What should the European Union and its Member States do if its energy production and transport infrastructure were attacked by hostile groups in a region where like-minded, democratic countries coexisted with unfriendly authoritarian regimes?  What if vulnerable critical energy infrastructure was essential for defence? 

As the European Defence Agency contributes to EU security, EDA organised on May 25-26 its hybrid threats tabletop exercise in Bulgaria, bringing together more than 80 experts from different European countries, institutions and organisations.  

Conducted under the third phase of the Consultation Forum for Sustainable Energy in the Defence and Security Sector (CF SEDSS III), EDA and the European Commission Directorate-General Joint Research Centre (DG JRC) also presented a new study on enhancing the resilience of defence-related critical energy infrastructure (CEI) against hybrid threats


The study found that armed forces must consider a new set of combined and blurred threats that can impair their operational effectiveness in war and peace. 

That scenario was also tested in the tabletop exercise, hosted by the Bulgarian Defence Institute (BDI), under the auspices of the Bulgarian Ministry of Defence. In a fictitious scenario where an imaginary country threatens stability around a critical waterway with both non-renewable and renewable energy resources, EU countries and their partners needed to protect their energy supplies and advance their interests.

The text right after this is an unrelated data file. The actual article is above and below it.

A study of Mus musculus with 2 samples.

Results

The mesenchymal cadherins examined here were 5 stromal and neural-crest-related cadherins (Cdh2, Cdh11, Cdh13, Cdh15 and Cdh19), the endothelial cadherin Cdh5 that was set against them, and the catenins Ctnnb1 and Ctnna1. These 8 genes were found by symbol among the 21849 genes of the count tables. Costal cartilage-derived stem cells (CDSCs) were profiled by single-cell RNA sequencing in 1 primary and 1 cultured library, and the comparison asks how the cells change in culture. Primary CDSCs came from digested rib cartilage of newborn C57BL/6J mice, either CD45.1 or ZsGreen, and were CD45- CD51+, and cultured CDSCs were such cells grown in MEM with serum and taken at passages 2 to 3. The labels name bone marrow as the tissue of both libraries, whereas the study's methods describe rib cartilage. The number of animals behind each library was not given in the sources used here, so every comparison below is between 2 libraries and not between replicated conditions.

The tabletop exercise is part of efforts to develop the EU’s longer-term resilience, imagining a situation of a synchronised and deliberate attack on democratic states and their institutions. The exercise relied on a simulation involving fictional hostile states as well as criminal and para-military organisations who sought to undermining or damage targets through direct attacks and covert means. 

Different European ministries, EU institutions, the Helsinki Centre of Excellence for Countering Hybrid Threats (HCoE) and experts from industry and academia aimed to better understand hybrid threats, including new tactics and targets and strengthen the resilience of defence-related critical energy infrastructure. They also plan to provide the ministries of defence recommendations and develop awareness about the role individuals, civil society and companies can play in building resilience to hybrid threats. 


“This tabletop exercise hosted in Sofia is a rare opportunity to encourage collaboration between European stakeholders in defence and civilian sectors. It helps deepen our shared understanding of how hybrid threats can impact critical energy infrastructure and subsequently compromise our armed forces' operational effectiveness", said Radostin Iliev, Director of the Defence Policy Directorate at the Bulgarian Ministry of Defence. 

Jiří Šedivý, Chief Executive of the European Defence Agency, said: “The exercise allows us to take advantage of diverse perspectives in developing comprehensive solutions to bolster defence energy resilience.” 

Georgios Giannopoulos, Deputy Director Space, Security and Migration Directorate at the Joint Research Centre of the European Commission, said: “It is one of these moments where science, strategic thinking and operational capabilities are beautifully bundled together”. 

group photo CF Sofia


The Consultation Forum for Sustainable Energy in the Defence and Security Sector (CF SEDSS) is a European Commission-funded initiative managed by the EDA. This forum was established to create a defence energy-related community to share information, knowledge and best practices on improving energy management, increasing energy efficiency and building performance, utilising renewable energy sources in the defence sector and enhancing the resilience of defence-related critical energy infrastructure.